Great News is Brewing in the World of Science


Coffee drinkers of the world you now have two more reasons to smile! If you’ve ever felt you needed coffee to survive, you might have been on to something. Although research has already suggested that drinking coffee regularly may be tied to a lower risk of diabetes and cardiovascular disease, new research published in the Annals of Internal Medicine found that your cup of java might have a broader effect — staving off other potential causes of death as well.

One study examined the coffee-drinking patterns of more than 185,000 Americans over a 16-year period. The researchers found that regular coffee consumption was associated with lower risk of dying from all causes – and the more cups of coffee these subjects consumed per day, the greater this apparent benefit. In fact, those who reported drinking four or more cups per day enjoyed an 18 percent decreased chance of death over the 16-year study period compared to those who said they did not drink coffee at all.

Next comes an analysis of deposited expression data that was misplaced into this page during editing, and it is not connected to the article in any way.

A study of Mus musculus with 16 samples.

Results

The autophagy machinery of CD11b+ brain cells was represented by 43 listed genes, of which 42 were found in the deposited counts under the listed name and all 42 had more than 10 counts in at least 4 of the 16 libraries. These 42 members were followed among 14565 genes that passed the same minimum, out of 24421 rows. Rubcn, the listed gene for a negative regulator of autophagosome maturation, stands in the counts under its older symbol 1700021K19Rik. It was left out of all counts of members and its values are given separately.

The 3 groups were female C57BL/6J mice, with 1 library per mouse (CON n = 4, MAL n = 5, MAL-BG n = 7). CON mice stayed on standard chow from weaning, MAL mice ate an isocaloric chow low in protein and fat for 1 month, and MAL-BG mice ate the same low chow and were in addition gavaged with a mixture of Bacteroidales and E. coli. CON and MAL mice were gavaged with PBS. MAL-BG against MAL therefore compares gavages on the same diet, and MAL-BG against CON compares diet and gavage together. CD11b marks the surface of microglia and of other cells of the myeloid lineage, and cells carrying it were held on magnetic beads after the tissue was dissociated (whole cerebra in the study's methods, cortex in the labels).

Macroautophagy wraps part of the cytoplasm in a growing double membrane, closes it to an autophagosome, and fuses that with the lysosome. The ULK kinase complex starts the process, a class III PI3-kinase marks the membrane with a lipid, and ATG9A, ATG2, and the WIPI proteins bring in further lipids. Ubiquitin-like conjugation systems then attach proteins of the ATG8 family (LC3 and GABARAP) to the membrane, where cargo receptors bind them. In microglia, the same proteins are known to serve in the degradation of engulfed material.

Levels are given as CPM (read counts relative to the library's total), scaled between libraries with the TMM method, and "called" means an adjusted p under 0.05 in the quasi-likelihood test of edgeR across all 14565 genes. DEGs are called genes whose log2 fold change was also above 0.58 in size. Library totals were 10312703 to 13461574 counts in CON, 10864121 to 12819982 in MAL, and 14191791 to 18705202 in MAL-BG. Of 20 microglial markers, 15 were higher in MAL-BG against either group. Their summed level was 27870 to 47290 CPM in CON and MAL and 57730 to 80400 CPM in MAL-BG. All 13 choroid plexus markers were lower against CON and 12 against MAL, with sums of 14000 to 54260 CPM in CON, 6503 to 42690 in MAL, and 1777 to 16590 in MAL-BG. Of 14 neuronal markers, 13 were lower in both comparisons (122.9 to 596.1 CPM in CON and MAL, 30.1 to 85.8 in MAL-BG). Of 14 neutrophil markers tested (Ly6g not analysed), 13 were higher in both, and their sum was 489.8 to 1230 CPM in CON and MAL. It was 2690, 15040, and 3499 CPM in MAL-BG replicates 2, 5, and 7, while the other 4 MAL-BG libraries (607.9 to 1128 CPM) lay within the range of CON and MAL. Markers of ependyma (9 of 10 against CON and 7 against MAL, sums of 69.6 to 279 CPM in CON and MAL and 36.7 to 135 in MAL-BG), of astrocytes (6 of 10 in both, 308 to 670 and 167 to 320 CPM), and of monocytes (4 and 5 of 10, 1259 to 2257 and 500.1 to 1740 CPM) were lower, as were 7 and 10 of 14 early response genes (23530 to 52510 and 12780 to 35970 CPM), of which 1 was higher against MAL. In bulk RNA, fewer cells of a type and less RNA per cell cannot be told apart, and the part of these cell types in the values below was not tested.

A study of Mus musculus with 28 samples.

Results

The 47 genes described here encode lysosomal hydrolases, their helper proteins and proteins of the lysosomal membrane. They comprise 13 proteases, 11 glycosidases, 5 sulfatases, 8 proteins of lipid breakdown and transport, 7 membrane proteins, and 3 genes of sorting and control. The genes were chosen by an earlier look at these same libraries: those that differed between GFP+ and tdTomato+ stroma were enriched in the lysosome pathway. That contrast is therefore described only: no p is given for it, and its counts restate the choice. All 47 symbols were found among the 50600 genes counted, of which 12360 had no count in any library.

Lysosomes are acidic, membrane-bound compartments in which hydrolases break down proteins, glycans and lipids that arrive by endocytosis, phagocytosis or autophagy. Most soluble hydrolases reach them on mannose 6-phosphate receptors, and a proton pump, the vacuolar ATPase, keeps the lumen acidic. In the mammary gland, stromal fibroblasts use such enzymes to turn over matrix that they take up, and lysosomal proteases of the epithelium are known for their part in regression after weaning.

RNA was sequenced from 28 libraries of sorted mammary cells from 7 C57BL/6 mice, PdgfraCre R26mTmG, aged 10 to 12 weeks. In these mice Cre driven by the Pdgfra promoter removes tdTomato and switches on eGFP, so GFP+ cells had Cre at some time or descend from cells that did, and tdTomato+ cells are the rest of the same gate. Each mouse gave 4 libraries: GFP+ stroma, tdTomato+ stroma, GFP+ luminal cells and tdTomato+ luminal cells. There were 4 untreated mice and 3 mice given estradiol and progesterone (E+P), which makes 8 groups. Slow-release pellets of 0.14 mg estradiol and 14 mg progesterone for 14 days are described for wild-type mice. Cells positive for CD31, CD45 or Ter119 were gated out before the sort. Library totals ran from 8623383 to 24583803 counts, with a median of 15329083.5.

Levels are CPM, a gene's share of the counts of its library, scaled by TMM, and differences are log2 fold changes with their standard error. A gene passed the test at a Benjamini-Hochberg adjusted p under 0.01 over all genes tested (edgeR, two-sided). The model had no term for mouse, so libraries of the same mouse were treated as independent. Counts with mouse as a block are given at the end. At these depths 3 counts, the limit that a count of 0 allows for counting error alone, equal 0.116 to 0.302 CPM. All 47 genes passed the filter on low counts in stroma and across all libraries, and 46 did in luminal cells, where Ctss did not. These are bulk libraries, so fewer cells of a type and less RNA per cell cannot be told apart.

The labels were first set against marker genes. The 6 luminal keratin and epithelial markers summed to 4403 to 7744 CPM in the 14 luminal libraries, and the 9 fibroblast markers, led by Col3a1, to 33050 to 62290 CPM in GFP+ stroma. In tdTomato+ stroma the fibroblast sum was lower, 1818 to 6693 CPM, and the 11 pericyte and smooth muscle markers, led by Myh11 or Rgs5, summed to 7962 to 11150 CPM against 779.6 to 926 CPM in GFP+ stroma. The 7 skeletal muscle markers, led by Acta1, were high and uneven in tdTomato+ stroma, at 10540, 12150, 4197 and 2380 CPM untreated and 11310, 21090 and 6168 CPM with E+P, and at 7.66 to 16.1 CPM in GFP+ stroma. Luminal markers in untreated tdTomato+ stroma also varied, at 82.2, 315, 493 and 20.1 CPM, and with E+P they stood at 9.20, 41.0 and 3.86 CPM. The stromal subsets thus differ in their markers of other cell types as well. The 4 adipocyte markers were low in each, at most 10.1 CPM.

In a second study, researchers in Europe looked at more than 520,000 people across 10 countries over 16 years. This study, too, found that those who drank several cups of coffee a day had a lower risk of death, regardless of country.

It is good to note that both studies took into account smoking and other factors that could have affected the results.  

The U.S. study was the first of its size to measure the possible effects of coffee consumption across a racial and ethnic spectrum. Those researchers found that coffee was associated with fewer deaths due to heart disease, cancer, respiratory disease, stroke, diabetes and kidney disease — a finding that echoed true across a variety of ethnic groups including African-Americans, Caucasians, Japanese-Americans and Latinos. Interestingly, in this study, even decaffeinated coffee was found to be linked to longer life, suggesting that the reason for its health benefits lies somewhere other than caffeine.

Now before you get too hyped up, the researchers did issue a caveat. When it comes to whether they could conclusively call coffee an elixir for long life, the science on that answer still needs to percolate.